Gunmen killed two people in a Burundi village outside the capital, a local official said on Monday, a day before U.N. Secretary-General Ban Ki-moon visits in a bid to end bloodshed over President Pierre Nkurunziza’s disputed re-election.
More than 400 people have been killed since April when Nkurunziza said he would run for a third term, a move opponents dismissed as unconstitutional and sought to prevent by staging street protests.
On Tuesday Ban will meet Nkurunziza, who has rejected plans by the African Union to send peacekeepers to Burundi to ease tensions.
Celestin Singirankabo, the head of Gisozi district in Mwaro province, said the killings took place late on Sunday in Kiyange village, about 50 km (30 miles) east of Bujumbura.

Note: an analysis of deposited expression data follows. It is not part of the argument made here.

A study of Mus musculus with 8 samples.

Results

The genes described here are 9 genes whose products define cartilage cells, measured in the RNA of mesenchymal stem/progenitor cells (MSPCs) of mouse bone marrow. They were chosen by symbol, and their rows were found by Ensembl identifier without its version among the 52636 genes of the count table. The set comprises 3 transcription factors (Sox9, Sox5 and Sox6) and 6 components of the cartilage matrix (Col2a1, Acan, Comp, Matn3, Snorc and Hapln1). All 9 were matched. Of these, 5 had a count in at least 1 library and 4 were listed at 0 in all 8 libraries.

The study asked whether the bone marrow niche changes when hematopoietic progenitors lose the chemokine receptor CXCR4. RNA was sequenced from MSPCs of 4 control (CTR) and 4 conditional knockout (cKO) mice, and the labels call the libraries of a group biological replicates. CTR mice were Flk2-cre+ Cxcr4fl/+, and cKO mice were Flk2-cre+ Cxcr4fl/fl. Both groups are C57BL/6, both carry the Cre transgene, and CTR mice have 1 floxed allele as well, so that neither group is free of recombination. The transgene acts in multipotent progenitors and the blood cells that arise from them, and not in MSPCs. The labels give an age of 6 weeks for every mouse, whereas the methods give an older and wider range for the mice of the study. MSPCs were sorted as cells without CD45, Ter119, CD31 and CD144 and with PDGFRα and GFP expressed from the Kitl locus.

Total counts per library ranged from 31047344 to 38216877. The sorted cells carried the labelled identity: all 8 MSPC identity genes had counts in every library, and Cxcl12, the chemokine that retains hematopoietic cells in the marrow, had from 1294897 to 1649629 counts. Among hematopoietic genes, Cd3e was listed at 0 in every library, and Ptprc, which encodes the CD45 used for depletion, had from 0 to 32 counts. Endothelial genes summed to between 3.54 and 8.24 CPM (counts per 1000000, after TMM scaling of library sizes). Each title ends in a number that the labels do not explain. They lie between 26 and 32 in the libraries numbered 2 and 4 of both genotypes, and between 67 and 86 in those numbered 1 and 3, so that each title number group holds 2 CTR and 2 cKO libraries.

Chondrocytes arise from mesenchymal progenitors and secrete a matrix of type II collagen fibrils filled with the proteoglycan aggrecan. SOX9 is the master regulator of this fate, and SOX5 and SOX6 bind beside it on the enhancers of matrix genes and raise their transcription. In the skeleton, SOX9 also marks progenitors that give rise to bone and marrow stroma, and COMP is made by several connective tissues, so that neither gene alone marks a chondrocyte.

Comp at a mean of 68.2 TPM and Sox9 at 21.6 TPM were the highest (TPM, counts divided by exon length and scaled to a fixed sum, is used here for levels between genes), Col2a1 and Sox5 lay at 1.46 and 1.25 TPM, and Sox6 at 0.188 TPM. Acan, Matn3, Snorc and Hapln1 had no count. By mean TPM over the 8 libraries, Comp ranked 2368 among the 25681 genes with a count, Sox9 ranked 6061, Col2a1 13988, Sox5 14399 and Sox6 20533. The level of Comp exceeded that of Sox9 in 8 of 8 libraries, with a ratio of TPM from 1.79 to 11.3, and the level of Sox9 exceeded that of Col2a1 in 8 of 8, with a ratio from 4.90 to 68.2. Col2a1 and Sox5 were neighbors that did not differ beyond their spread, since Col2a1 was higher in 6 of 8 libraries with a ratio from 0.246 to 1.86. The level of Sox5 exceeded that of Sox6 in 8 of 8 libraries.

“It was at around 8.00 p.m. last night when gunmen entered in a bar and opened fire, killing two people while two others were injured and were admitted in a nearby hospital of Ijenda,” he told Reuters.
Singirankabo said in the same area soldiers repulsed another armed group.
No group has claimed responsibility for the attack but the government says there are now three rebel outfits fomenting violence, including two groups made up of renegade soldiers.
In May, a group of soldiers tried to depose Nkuruznziza in a failed coup. Rights groups also regularly accuse the government of cracking down on dissent.
Western powers worry Burundi is sliding toward another civil war and many in the region fear the violence could reopen ethnic wounds in the landlocked country of 10 million.
The U.N. is under growing pressure to show it can halt the bloodshed, two decades after the 1994 genocide of ethnic Tutsis and moderate Hutus by the Hutu majority in neighboring Rwanda, which has a similar ethnic make-up to Burundi.